BI: 'Voice of the customer' programs combine feedback in one place

Early adopters are working out the kinks, but say customer responses sent to the right people, quickly, can have major business impact.


The problem is that such deployments tend to create information silos that are isolated from IT staff and systems, and as a result there's little sharing of insights among groups. VOC programs need to integrate all of the various feedback channels into a single infrastructure, Temkin points out. And that's where IT comes in, he adds.

At iRobot, for example, customer feedback used to reside in a variety of information silos, including outsourced call centers and a growing number of social media sources, says Maryellen Abreu, director of global technical support at the maker of self-guided vacuum cleaners and other robotic equipment.

This meant that managers had trouble correlating the data to make high-level decisions. For instance, engineering didn't have immediate visibility to data in order to make rapid decisions on changes in product design, Abreu says. "We're introducing new products all the time, so it's important to have that immediate, almost-real-time feedback," she adds.

Burlington, Mass.-based iRobot chose to use RightNow CX, a SaaS-based customer experience management system from RightNow Technologies that "gives a 360-degree view of the customer: when they called, emailed, chatted or posted on a forum, and what issues they brought up," according to Abreu. It aggregates opinions from various sources so that top managers can quickly determine customers' key concerns and then respond in a timely fashion.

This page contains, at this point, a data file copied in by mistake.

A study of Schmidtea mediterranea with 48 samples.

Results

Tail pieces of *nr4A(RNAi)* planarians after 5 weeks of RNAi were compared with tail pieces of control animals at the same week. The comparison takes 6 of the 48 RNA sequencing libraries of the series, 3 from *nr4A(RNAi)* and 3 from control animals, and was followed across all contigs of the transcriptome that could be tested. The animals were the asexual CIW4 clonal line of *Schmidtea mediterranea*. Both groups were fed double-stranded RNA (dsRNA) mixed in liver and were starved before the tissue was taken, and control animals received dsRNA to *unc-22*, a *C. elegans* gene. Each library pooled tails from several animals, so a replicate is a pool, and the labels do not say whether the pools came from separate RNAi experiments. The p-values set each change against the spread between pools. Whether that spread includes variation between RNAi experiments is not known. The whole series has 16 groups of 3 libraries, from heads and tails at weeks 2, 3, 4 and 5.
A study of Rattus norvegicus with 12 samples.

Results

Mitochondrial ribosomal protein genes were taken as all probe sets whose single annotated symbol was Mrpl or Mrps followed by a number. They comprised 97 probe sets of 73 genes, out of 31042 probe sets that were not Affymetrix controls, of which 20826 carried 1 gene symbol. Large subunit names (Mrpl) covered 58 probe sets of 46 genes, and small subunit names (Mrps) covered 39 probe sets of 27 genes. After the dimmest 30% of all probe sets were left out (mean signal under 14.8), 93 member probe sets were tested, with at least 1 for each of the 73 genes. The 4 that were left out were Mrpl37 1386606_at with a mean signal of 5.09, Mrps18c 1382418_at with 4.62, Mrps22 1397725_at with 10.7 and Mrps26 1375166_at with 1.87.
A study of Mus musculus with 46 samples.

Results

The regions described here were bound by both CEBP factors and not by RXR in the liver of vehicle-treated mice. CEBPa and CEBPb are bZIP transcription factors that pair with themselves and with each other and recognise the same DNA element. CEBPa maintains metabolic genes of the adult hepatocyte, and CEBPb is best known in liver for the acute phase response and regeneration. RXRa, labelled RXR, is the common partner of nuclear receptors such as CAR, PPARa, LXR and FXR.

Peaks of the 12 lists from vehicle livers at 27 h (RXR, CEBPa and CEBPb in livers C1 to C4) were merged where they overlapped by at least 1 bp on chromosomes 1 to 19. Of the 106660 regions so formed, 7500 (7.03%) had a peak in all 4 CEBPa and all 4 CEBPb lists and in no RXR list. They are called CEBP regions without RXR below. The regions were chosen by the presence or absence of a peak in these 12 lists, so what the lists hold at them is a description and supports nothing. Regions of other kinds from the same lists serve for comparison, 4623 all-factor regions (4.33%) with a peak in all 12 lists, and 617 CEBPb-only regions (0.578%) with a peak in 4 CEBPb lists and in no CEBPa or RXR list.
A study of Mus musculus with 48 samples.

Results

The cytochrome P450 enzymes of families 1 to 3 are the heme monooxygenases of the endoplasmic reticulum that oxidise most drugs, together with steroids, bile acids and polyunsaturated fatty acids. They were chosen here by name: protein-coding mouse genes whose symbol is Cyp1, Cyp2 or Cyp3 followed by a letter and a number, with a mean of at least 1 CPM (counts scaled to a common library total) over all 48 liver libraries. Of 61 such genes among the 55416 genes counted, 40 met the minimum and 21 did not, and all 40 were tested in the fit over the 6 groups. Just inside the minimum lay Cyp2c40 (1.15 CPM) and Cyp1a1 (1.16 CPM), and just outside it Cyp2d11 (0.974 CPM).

Maryellen Abreu
"We're introducing new products all the time, so it's important to have that immediate, almost-real-time feedback," says iRobot's Maryellen Abreu.

"Timely" is a relative term, however, when it comes to the social Web. "Because our product is very visual, customers would show us problems on YouTube, and at the end say, 'iRobot, what are you going to do with this?' and the post would have 60,000 hits," says Abreu. "We needed to respond faster."

The robot maker now uses RightNow's Cloud Monitor, which mines customer posts for words or phrases with negative connotations, such as all-cap words and "bad language," Abreu says. It then alerts customer support personnel and, if a post starts to go viral, automatically escalates alerts to Abreu's attention.